This Ocean's Too Noisy

For many animals in the ocean, sound is everything. Some depend on it to find food, some need it to communicate with others, some need it to navigate. But the ocean, once known as the silent deep, has become a much noisier place.

Scientists at the Scripps Institution of Oceanography in San Diego say the noise level in what should be a fairly quiet zone more than 180 miles offshore has risen significantly over the last few decades, apparently because ships are bigger, faster and more powerful than they were before.

"The levels are high enough that it's of concern," says John Hildebrand, professor of oceanography at Scripps, which is part of the University of California, San Diego.

Since 1964, the noise level has risen 10 to 12 decibels, according to a report by Hildebrand and colleagues in the August issue of the Journal of the Acoustical Society of America. A decibel is a unit of measurement of sound intensity, and while 10 to 12 might not seem like a lot, it could be quite significant in the ocean.

"In background noise it's roughly the difference between sitting in a library and being in a Wal-Mart," says oceanographer and co-author of the report, Mark McDonald of Whale Acoustics, a small research firm in Bellvue, Colo.

The scientists don't know exactly how much of a problem the increase in noise poses for marine animals. Since the change has taken place over decades, it's hard to isolate a single cause and effect. But what is clear is the fact that the ocean has become much noisier, and that can't be good for many critters.

Whales that use sound to communicate "won't be able to hear each other as far away," says McDonald. "But is that a problem?"

Whales, he says, have shown an ability to adjust to changing conditions.

For some time now, Hildebrand, McDonald and Sean Wiggins, also of Scripps, have been monitoring the noise level with a sophisticated instrument on the bottom of the ocean near San Nicolas Island, off the coast of San Diego. They have been able to document the change partly because of a bit of good luck.

In the 1960s, the Navy was also monitoring noise levels in the area as part of its anti-submarine warfare program. That research was recently declassified, and the scientists were able to acquire it.

That gave them the background data they needed to see if earlier projections of an increase in ocean noise had actually taken place. Their research shows that it has, and it probably extends across the North Pacific because a huge ship sends out acoustic waves that can travel across the entire ocean.

"The place we monitored is not directly in the shipping lanes," says Hildebrand. "It's remote from the shipping lanes, and the sounds we are hearing are probably propagating all the way down from the Aleutian Islands and across from Asia." The scientists think the newer giant commercial ships that ply the oceans account for most of the increase. It's in the Navy's interest to keep its ships as quiet as possible, for obvious reasons, but there's no incentive for commercial operators to do the same.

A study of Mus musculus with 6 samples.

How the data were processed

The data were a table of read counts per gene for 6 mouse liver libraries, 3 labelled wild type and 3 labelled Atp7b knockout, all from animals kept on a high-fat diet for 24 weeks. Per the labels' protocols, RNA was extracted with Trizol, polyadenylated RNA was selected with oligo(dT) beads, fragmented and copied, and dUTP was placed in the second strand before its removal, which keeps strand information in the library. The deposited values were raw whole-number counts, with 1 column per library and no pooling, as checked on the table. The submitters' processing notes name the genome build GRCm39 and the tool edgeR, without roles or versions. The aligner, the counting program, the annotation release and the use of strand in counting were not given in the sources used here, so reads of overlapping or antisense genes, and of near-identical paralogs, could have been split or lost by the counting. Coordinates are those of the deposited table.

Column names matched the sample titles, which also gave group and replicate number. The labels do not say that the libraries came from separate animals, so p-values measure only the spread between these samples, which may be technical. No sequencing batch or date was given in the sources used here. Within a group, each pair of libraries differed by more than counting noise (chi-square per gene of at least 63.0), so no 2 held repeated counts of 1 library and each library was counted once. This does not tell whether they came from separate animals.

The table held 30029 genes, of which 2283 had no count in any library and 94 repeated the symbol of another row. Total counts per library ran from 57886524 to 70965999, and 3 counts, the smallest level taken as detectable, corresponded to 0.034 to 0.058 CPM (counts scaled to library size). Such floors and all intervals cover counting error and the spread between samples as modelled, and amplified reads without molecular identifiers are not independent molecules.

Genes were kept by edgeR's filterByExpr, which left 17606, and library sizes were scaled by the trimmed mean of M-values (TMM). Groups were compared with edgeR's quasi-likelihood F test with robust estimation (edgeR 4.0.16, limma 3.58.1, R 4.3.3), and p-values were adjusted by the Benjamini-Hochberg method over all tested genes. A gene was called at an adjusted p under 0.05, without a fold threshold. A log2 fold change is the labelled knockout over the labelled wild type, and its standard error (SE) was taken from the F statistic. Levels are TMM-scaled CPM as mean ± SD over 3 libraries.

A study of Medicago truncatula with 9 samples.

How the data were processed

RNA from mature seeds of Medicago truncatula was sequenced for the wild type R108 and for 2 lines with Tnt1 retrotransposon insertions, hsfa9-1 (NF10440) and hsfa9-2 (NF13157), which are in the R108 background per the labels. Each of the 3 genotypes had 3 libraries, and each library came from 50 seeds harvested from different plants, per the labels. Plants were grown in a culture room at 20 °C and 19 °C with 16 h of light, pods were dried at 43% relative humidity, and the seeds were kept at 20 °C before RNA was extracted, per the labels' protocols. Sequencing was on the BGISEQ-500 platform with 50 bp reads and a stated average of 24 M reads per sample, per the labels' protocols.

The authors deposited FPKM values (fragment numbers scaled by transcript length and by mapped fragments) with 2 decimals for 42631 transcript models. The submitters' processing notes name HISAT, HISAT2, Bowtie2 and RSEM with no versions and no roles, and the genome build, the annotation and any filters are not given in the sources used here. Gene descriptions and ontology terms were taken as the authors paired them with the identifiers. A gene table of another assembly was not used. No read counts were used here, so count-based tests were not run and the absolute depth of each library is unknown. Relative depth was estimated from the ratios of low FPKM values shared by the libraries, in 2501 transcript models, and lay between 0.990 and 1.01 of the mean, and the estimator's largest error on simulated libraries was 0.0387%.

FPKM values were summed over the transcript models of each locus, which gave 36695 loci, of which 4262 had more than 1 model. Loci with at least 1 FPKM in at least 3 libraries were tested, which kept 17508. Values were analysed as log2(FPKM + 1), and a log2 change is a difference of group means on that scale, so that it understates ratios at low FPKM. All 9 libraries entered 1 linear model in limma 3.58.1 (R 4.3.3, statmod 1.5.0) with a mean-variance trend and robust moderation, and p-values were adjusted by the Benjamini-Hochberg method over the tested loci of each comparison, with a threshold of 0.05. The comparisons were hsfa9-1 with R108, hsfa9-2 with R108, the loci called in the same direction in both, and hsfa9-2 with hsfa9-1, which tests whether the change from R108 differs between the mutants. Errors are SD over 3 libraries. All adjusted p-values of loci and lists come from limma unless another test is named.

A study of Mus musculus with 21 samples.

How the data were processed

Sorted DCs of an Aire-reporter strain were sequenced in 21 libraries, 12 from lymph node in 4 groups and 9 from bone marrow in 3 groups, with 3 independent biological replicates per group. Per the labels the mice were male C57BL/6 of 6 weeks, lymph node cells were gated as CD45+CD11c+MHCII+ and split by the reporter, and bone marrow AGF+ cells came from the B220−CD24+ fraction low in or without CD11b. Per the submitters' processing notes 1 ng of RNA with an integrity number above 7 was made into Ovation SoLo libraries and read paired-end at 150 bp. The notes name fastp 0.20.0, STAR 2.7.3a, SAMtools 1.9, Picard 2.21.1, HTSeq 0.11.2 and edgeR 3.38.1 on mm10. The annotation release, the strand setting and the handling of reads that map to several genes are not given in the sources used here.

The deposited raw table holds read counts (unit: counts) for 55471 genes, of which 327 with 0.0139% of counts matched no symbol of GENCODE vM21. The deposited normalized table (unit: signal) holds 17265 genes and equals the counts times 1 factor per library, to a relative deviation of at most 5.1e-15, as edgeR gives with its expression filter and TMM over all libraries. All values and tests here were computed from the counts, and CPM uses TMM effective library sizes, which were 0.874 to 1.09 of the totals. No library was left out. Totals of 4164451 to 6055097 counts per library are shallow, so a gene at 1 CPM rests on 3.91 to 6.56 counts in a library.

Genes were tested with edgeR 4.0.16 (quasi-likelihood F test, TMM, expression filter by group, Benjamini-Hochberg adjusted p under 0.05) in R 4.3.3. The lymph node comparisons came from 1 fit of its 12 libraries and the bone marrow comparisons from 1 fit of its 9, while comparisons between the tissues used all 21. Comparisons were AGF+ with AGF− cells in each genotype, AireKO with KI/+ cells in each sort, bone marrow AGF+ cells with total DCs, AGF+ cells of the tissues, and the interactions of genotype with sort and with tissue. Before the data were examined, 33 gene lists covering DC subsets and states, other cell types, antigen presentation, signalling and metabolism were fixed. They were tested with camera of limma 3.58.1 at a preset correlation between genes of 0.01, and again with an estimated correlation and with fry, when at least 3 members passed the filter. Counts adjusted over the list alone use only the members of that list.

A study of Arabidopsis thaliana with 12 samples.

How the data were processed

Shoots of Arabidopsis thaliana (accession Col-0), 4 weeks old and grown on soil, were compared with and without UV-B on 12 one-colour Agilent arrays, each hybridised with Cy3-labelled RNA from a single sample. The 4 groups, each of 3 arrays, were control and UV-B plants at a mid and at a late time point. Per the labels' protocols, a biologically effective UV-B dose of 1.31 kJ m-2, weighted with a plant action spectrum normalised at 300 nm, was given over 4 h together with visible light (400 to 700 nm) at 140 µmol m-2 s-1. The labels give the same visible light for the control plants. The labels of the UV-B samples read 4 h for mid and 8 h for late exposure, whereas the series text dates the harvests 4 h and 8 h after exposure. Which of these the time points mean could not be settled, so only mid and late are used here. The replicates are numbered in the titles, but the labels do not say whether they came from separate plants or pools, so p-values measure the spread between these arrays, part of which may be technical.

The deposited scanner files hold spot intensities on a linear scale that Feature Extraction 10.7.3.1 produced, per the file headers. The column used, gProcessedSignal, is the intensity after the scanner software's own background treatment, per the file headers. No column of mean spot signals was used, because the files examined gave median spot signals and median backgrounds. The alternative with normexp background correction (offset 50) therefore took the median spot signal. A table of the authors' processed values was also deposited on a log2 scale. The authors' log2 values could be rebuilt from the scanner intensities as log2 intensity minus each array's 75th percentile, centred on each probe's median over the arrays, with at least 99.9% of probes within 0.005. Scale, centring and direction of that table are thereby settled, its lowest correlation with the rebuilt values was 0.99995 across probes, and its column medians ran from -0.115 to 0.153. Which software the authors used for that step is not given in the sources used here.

The scientists say that over the past 38 years, the number of ships in the world's commercial fleet more than doubled, from 41,865 in 1965 to 89,899 in 2003. But doubling of the fleet should produce an additional three decibels, not 10 or 12, Hildebrand says.

So what's causing that jump?

"Our best guess is individual ships are radiating more acoustic energy than they did back in the 60s," Hildebrand says. "The ships are bigger, faster, they are carrying more cargo, and all of that requires more propulsion power. Some fraction of that propulsion power gets radiated out as acoustic energy."

McDonald, who is a consultant to a number of companies and government agencies, says it's possible to reduce the noise level by such things as using rubber engine mounts, and changing the propellers, but it would be hard to force the industry to do that without strong evidence that the noise is having an adverse impact.

That's going to be hard to do, but history would suggest that the problem should not be ignored.

Gray whales migrate from the Arctic to Baja, Calif., each year, and historically, they have been particularly fond of one lagoon where they breed and calve.

"In the late 60s or early 70s, there was a salt works installed in the lagoon (to extract salt)," Hildebrand says. "There was a fairly well documented population of animals that would come into the lagoon and use it for calving. When the salt works started up, they abandoned the lagoon.

"All the time the salt works was active, the animals avoided the lagoon. The salt works failed for economical reasons. After it failed, it took about five years for the animals to start to come back and reoccupy that lagoon. So there's a case where you can document exclusion from a preferred habitat."

Did the whales stop procreating? Hardly. Their numbers have grown significantly over the years, so once again, it's hard to measure the impact, even of an industrial activity.

But there's no question that the ocean has changed through pollution, over-fishing, and now, we know, noise.

"It wasn't a pristine environment in the 1960s," when the Navy monitored the area, Hildebrand says. "So there's probably another 10 decibels or so to get back to the primordial state. So it's 20 decibels above the conditions that these animals evolved in, and that's a big number."